Godzilla is an international cultural phenomenon that has inspired 35 total films. The gigantic ocean lizard is one of the most iconic creations in global entertainment history. Originally created by Japanese filmmakers in 1954, Hollywood has generated three total Godzilla films, the latest being “Godzilla: King of the Monsters.” It was a visually stunning display of CGI perfection, yet also a disastrous compilation of storytelling.
Godzilla got the proper digital enhancements it deserved in 2014’s film, titled solely “Godzilla,” yet the massive reptile only received seven minutes of screentime at the very end. We were forced to be drowned in a dull, almost comical plot involving boring characters and the creation of two radioactive creatures, called MUTOs, before we got to see Zilla square off against the two, which by itself was spectacular, yet wasn’t able to save the film.
Director Michael Dougherty listened partially to what the last film in the Godzilla franchise did wrong and created a film in which we see Godzilla battle more than one creature, this time including the mother of all beasts. “King of the Monsters” does a remarkable job giving audiences what they want by crafting truly magnificent CGI monster fights, but doesn’t quite do the job in terms of delivering a film that touches all the right chords.
What this film fails to do is have a plot that involves some grounded reason or characters who are interesting. Take 2005’s “King Kong,” directed by Peter Jackson, or “Jurassic Park” from Steven Spielberg in 1993. These films are memorable due to their groundbreaking visual effects and exciting action, of course, but they were effective because the films weren’t just about the creatures on screen. We had characters who, while not moving us to tears, made us care. We wanted to share their adventures and feel their fear, awe and adrenaline. “King of the Monsters” instead puts a bunch of B-level actors on screen and rushes through writing a plot that is not only completely ridiculous but also sloppy.
To sum up the conflict in this film in the neatest way possible, a group of scientists faces the decision of whether or not to save the order of nature by involving Godzilla and are stuck on what to do with the hibernating Titans — other gigantic monstrous creatures that are hidden all over the world. By almost directly copying the last two “Avengers” films, Vera Farmiga plays a scientist who feels that the only way to save humanity is to correct its unsustainable practices of overpopulation, pollution and exploitation by having the Titans awoken using a digitally enhanced communication device and wreak havoc on the world. This goes against the wishes of pretty much everyone, including her daughter, played by “Stranger Things”’ Millie Bobby Brown, and her ex-husband, played by Kyle Chandler.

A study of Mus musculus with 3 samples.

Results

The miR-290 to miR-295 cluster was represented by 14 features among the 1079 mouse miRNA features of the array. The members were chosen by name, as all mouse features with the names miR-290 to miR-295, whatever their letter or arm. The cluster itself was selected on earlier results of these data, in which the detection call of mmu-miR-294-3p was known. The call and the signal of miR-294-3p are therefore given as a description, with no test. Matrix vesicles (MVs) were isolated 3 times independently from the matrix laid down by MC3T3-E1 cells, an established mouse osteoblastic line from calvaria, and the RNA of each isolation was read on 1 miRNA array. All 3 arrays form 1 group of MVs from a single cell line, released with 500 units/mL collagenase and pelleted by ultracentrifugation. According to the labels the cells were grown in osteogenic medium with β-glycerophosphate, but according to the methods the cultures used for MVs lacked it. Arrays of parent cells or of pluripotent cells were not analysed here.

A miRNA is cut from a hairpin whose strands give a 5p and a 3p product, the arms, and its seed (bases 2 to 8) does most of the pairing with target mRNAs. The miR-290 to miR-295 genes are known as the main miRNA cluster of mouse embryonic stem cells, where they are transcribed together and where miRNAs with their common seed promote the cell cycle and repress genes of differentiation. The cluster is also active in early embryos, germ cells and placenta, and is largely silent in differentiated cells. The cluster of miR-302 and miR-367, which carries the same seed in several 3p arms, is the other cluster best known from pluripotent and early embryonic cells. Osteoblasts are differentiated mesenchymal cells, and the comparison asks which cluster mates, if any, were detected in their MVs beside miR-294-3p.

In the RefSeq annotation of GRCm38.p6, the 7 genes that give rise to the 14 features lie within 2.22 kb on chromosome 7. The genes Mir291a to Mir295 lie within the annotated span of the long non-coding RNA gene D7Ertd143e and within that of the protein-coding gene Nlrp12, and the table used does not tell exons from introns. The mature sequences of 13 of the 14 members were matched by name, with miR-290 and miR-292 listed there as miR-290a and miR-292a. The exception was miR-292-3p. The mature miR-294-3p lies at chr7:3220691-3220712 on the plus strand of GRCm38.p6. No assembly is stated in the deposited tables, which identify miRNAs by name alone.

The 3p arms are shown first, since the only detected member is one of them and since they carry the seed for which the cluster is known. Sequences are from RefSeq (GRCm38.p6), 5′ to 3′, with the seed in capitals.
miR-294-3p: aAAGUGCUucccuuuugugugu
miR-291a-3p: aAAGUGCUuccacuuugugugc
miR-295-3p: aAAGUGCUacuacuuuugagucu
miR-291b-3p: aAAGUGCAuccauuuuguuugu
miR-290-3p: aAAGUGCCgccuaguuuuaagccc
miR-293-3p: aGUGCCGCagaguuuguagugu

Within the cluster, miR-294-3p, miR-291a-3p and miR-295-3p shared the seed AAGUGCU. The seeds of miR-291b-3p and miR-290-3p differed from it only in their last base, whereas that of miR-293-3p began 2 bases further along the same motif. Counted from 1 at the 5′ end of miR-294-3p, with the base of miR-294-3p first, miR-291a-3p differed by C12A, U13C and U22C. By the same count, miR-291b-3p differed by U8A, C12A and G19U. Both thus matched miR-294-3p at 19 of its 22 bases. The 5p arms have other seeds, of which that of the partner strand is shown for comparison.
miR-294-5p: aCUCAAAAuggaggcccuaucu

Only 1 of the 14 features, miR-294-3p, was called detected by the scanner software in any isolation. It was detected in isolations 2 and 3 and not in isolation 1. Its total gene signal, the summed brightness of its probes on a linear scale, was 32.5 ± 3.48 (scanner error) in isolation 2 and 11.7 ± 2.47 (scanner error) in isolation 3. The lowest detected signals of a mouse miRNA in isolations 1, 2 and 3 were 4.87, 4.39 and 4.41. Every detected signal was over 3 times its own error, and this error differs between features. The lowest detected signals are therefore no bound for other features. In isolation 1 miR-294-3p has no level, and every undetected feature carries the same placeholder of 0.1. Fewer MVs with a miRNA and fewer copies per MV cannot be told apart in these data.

Much of the film is spent inside technological facilities, in which Kyle Chandler and his team of one-lining military agents and scientists discuss what to do with Godzilla and track the other creatures around the world on a tracking screen. Not one character in this film is the least bit interesting or fun. One may rightfully ask the question, why would a brilliant scientist think that releasing a bunch of monsters into the world will save humanity?
Despite a chaotic story, “King of the Monsters” is still, in fact, an enjoyable film. What it lacks in story it makes up for in jaw-dropping visual effects and gorgeous CGI. Not only does Godzilla look incredible, but his arch-rival in the film, King Ghidorah the three-headed dragon, is a visual miracle and an absolute joy to behold on screen. Its fight with Godzilla is one of those too-good-and-too-ridiculous-to-be-true movie moments that shouts pure fun and entertainment. Also rivaling Zilla is the fire-bird Rodan; plus he gets some assistance from Mothra the giant bug. There are several other creatures we only get glimpses of in fictional news videos, which is slightly disappointing considering how impressive and imaginative they look. Needless to say, these are some of the most amazing-looking monsters in film history.
Where Godzilla fails in the story, it succeeds in visuals, making this an overall pleasing film. What disappoints me is the creators of this film didn’t spend the five years since the last film came out coming up with a story that wasn’t a complete mess or pathetically stupid. It would have been nice to label “Godzilla: King of the Monsters” an overall great film, but its weak characters and horrendous writing weighs it down to be a simple popcorn film that is mesmerizing to look at but kind of irritating to pay attention to. While it is more entertaining than the last film and has an upgrade in screentime for its creatures, it’s still suffering from typical Hollywood blockbuster chaos.
Final Grade: B-
Dominic LeRose is a staff writer for the Daily Cardinal. To read more of his work, click here.